Press Release

Dealers, Do You Want to Boost Sales? Tune Up Your Service Center.

WESTLAKE VILLAGE, Calif.: 24 March 2015 — Dealers wanting to increase their vehicle sales should focus on the back of their store, as sales are directly affected by customer experiences in the service department, according to the March 2015 PowerRater Consumer Pulse, a monthly analysis developed jointly by J.D. Power and DealerRater.

An alliance between J.D. Power and DealerRater integrates each company’s capabilities to gather comprehensive vehicle shopper feedback based on J.D. Power’s customer satisfaction research and DealerRater’s consumer ratings and reviews of car dealerships.

Key Findings

  • A dealer’s ability to satisfy its service customers boosts its reputation for good service, which may ultimately lead to increased vehicle sales.   
  • Highly satisfied service customers (overall satisfaction scores of 901-1,000 on a 1,000-point scale) are more likely to write a review about their experience, compared with those who are merely satisfied or indifferent (scores of 750-900), according to J.D. Power.[1] Among the 37 percent of highly satisfied customers, 4.3 percent indicate that they posted an online review of their experience. In contrast, less than 3 percent of service customers who are either merely satisfied or indifferent posted an online review.
  • Among highly satisfied customers who posted an online review of their last service experience, 91 percent of the reviews were positive; among merely satisfied or indifferent customers who posted a review, only 71 percent of the comments were positive.
  • According to data collected by DealerRater,[2] 40 percent of car buyers indicate that the service department’s reputation was significantly important in choosing the dealer they purchased from.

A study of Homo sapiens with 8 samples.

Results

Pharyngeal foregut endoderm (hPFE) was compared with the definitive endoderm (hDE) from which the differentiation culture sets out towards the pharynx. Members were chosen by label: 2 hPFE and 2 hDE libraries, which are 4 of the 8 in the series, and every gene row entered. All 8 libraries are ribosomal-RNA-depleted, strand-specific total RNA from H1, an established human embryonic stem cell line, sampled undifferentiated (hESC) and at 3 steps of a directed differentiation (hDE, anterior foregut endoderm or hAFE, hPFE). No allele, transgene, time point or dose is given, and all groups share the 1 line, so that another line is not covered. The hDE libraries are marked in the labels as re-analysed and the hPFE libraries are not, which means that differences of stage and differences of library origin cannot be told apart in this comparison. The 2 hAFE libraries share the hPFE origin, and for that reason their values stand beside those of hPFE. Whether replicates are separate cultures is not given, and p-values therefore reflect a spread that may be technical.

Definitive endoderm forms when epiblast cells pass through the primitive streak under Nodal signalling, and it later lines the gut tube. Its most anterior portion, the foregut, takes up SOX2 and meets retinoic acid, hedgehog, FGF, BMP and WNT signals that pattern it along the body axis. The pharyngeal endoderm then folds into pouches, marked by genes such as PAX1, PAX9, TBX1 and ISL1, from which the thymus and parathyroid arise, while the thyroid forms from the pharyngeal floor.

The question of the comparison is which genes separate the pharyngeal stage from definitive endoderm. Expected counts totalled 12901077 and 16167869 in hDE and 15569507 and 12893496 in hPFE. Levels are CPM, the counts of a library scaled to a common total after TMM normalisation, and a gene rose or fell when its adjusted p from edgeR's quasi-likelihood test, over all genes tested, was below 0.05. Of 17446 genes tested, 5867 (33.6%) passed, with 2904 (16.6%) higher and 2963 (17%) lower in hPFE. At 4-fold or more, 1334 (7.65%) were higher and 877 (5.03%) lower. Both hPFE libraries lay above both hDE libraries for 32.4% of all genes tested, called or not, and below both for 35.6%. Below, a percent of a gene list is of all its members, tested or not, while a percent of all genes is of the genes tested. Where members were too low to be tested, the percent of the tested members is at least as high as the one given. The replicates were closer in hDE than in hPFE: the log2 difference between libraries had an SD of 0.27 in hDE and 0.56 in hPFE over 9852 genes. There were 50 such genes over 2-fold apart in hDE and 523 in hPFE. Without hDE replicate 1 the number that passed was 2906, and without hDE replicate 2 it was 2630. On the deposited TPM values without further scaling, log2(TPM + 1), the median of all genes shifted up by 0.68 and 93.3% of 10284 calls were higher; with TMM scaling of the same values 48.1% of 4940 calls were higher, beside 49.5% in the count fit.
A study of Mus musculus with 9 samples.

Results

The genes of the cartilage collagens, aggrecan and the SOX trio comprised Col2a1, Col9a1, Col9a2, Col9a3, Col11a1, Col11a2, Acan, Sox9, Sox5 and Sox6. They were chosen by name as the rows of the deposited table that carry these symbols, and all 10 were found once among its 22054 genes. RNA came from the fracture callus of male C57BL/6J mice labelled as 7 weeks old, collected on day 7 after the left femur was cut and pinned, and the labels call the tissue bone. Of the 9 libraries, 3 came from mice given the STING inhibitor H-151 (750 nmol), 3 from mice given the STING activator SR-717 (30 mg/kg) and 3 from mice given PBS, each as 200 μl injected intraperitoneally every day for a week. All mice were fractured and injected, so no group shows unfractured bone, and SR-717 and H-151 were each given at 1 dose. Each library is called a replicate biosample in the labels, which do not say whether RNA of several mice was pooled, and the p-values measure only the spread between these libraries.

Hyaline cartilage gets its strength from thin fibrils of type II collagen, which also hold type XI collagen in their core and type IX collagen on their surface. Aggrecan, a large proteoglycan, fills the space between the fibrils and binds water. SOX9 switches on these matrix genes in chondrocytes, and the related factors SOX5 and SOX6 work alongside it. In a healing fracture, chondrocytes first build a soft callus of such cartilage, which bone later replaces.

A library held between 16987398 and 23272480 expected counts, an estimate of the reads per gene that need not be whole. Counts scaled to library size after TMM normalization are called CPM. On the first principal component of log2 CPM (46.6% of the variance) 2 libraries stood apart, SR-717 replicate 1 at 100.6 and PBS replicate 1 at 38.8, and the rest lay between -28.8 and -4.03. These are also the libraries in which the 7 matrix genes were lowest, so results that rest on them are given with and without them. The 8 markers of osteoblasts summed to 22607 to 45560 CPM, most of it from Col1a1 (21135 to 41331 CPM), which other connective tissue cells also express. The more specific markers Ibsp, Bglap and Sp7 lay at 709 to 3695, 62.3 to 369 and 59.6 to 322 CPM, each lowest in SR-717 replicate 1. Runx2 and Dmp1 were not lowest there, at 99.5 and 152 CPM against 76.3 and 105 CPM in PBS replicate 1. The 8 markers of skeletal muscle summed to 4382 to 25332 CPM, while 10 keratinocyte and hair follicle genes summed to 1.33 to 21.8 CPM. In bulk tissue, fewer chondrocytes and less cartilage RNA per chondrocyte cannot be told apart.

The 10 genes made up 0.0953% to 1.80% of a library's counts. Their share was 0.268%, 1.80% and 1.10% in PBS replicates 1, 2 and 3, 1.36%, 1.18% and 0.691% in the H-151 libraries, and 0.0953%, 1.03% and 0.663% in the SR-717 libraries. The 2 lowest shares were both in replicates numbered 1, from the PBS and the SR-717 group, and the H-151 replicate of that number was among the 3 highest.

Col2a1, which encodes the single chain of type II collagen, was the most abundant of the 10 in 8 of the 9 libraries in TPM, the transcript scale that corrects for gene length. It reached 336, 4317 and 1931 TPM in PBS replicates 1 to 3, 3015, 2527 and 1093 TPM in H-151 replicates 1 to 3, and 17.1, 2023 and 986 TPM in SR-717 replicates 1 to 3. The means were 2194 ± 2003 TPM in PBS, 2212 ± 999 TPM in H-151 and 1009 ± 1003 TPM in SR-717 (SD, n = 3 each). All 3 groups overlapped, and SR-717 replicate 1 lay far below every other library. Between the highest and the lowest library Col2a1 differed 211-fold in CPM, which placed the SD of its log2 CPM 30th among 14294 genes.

“Clearly, there is a strong incentive for dealers to maximize customer satisfaction as it leads to a greater likelihood that customers will post a positive review, helping to support the reputation of the dealer’s service department,” said Chris Sutton, vice president, U.S. automotive retail practice at J.D. Power.

As shown in data collected by DealerRater, improving its service reputation via positive reviews not only increases a dealership’s likelihood of new service business, but it also positively impacts its ability to sell vehicles.

“Considering how competitive the market is, and the tight profit margins that dealers are fighting, strengthening online reputation to maximize sales opportunities is becoming a critical business objective for new-vehicle dealers,” said Gary Tucker, chief executive officer of DealerRater.

Where Improvements Can Be Made

J.D. Power identifies the five processes with the highest potential impact on customer satisfaction with dealer service:

  • Service advisor who focuses on customer’s needs (+73 points)
  • Providing the customer with helpful advice (+55 points)
  • Getting the vehicle fixed right the first time (+53 points)
  • Access to the service advisor within two minutes of arrival (+45 points)
  • Ensuring the vehicle is ready when originally promised (+41 points)

On average, dealers fix vehicles right the first time 93 percent of the time, and service advisors focus on customers’ needs 92 percent of the time. What’s left? Sutton noted that dealers can focus on improving timely access to advisors and setting realistic expectations for when vehicles will be ready, which are met only 73 percent and 77 percent of the time, respectively.

About J.D. Power and Advertising/Promotional Rules

About McGraw Hill Financial 

About DealerRater

Media Relations Contacts

John Tews; J.D. Power; Troy, Mich.; 248-680-6218; [email protected]

Wendi McAden; DealerRater; 424-903-3644; [email protected]

No advertising or other promotional use can be made of the information in this release without the express prior written consent of J.D. Power or DealerRater.

[1] Source: J.D. Power 2015 U.S. Customer Service Index (CSI) StudySM, which measures customer satisfaction with service at a franchised dealer facility for maintenance or repair work among owners and lessees of 1- to 5-year-old vehicles. The 2015 U.S. CSI Study is based on responses from more than 70,000 owners and lessees of 2010 to 2014 model-year vehicles and was fielded between November and December 2014. Data of online reviews are based on owners and lessees of 1- to 3-year-old vehicles.

[2] Based on a survey, conducted between February 27 and March 16, 2015, of 15,211 consumers who wrote a review on after recently purchasing a vehicle or visiting a dealership for service.